The market for solar panels in the United States has been in a free fall since 2011 when a glut of cheaply priced panels from China hit the market and caused the bottom to drop out on prices. The results were dramatic, with First Solar (FSLR) losing over 80 percent of its share value and many smaller firms getting pushed to the edge (or past the edge) of bankruptcy. American manufacturers were holding their breaths for the outcome of an investigation by the Commerce Department into unfair trade practices in China that might help to correct things. The Commerce Department ultimately opted to apply duties, acknowledging that it believed the Chinese government subsidies were creating an unfair trade environment.
“Today’s announcement affirms what U.S. manufacturers have long known: Chinese manufacturers have received unfair and WTO-illegal subsidies,” Steve Ostrenga, chief executive of Helios Solar Works in Milwaukee, said in a statement.
Unfortunately for American panel makers, while the Commerce Department did opt to apply tariffs to Chinese imports to counterbalance government subsidies there, they were smaller than hoped. Solar stocks fell across the board as the market stumbled on news that Chinese growth may be slowing. First Solar was off another 4.22 percent, while other American companies fell as well with SunPower Corporation (SPWR) losing 7.47 percent.
Some American manufacturers, though, lauded the limited duties. Some members of the solar industry believed that excessive duties could mean higher prices for solar panels and might hurt installers and the solar industry as a whole. As such, some celebrated the limited duties.
“The rates were very low, which is a huge victory for the U.S. solar industry and its 100,000 employees,” said Jigar Shah, president of the Coalition for Affordable Solar Energy, a group that opposes the imposition of import tariffs. “On the topic of whether the Chinese government is systematically oversubsidizing its solar industry, they were found not guilty. ... Given all our expectations, this is really good news.”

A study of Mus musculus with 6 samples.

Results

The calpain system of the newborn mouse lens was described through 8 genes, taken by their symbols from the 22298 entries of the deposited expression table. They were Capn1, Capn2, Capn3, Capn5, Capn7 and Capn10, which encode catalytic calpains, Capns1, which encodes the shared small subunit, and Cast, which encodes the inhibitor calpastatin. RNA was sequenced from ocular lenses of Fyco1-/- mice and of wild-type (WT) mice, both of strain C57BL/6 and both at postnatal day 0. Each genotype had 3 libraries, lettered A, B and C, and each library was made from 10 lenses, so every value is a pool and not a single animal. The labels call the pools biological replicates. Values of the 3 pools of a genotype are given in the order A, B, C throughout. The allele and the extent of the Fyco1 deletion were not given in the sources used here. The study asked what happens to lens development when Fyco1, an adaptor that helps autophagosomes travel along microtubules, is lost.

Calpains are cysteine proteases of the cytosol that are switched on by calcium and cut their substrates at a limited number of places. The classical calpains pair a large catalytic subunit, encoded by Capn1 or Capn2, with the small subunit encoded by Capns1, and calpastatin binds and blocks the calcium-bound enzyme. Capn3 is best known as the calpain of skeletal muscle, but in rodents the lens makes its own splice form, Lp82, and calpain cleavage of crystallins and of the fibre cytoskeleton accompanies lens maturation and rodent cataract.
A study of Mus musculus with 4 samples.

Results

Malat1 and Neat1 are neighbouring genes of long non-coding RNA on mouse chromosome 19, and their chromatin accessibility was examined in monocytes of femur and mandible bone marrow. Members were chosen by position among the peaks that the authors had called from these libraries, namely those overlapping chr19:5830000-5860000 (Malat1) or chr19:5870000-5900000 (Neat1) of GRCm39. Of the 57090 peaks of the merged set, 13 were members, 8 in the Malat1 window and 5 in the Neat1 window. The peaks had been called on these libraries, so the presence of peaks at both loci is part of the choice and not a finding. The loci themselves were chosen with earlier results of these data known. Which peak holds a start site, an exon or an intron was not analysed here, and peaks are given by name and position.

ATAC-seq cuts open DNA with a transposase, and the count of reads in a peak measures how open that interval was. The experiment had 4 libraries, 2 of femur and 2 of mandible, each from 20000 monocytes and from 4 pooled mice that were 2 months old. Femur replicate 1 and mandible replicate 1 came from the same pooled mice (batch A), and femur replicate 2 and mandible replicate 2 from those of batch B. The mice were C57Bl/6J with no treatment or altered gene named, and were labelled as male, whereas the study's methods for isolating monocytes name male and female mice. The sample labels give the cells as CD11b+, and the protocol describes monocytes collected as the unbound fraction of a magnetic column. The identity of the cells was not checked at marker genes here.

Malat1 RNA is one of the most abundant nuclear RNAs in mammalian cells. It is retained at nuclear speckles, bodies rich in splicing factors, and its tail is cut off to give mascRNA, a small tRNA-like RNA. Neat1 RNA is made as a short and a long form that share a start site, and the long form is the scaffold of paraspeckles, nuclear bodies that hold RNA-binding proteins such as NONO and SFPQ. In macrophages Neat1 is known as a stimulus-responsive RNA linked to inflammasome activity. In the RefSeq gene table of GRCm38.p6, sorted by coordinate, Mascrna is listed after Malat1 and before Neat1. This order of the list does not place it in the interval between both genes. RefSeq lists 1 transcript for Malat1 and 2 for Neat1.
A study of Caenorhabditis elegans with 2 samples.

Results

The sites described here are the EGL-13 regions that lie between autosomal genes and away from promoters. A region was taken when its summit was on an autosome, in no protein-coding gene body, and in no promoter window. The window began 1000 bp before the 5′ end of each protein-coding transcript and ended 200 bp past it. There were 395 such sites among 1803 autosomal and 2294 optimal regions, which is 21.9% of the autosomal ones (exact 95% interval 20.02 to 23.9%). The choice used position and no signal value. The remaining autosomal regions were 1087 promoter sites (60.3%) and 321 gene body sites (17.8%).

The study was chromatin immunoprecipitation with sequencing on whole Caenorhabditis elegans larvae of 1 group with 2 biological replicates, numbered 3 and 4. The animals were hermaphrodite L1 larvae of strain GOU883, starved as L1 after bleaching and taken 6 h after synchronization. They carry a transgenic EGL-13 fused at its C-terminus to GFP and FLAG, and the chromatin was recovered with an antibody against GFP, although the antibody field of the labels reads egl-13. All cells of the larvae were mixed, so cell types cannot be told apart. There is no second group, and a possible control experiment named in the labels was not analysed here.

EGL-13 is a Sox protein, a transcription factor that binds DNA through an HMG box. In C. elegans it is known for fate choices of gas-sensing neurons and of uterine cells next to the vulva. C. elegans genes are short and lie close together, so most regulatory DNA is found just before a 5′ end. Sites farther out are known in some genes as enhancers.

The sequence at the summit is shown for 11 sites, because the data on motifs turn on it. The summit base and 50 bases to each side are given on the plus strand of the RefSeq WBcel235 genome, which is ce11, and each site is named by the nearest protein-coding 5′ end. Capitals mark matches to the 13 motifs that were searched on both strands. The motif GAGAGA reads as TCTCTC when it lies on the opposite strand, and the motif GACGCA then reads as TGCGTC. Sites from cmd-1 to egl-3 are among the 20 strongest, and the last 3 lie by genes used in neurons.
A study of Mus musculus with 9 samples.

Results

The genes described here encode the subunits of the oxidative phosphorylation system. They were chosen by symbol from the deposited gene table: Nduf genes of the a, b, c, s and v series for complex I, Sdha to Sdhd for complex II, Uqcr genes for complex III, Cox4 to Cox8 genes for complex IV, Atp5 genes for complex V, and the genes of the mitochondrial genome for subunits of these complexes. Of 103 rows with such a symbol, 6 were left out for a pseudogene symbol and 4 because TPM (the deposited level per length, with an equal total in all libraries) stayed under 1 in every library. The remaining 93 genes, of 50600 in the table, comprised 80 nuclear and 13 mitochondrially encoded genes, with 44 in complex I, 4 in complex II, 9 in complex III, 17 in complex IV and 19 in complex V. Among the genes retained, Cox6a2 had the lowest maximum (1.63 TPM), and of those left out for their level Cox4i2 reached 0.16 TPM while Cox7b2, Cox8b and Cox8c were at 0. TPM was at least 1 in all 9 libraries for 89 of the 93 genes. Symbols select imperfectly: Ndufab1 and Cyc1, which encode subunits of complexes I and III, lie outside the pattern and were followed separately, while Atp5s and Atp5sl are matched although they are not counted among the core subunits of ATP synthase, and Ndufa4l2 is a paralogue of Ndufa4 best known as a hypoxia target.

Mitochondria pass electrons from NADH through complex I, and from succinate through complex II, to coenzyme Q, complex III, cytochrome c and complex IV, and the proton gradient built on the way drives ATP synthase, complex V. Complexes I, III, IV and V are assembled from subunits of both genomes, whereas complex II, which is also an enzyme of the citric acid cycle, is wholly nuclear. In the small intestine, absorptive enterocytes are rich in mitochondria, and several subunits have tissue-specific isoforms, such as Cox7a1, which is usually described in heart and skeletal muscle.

Smaller Duties Than Hoped
The duties imposed on Chinese firms fell short of what was hoped by American solar companies. Trina Solar Limited (TSL) will receive a 4.73 percent tariff, SunTech Power Holding (STP) will be at 2.9 percent, and all other firms, including JA Solar Holding (JASO), will received a duty of 3.59 percent. The news was well received by these companies as shares shot up on Tuesday. Trina gained 7.85 percent, SunTech was up a whopping 14.06 percent, and JA Solar gained 4.40 percent.
Ongoing Fight for Market Share
The decision by the Commerce Department represented the most recent salvo fired in the war over the solar market between the United States and China. In early December, the US International Trade Commission voted unanimously that Chinese imports were hurting the America makers due to government subsidies. However, with Germany opting to cut its subsidies sooner and more than expected, continued instability in the market has hurt panel makers everywhere.
Solar makers, though, have been making changes. First Solar began efforts to shift away from subsidized markets last year, and the industry has been raising more cash by offering solid returns to capital backers. Solar developers have been offering returns in excess of 15 percent on investments, according to a Bloomberg article, and attracting capital investments from the like of Berkshire Hathaway's (BRK.A) Warren Buffett, Google (GOOG), and MetLife (MET).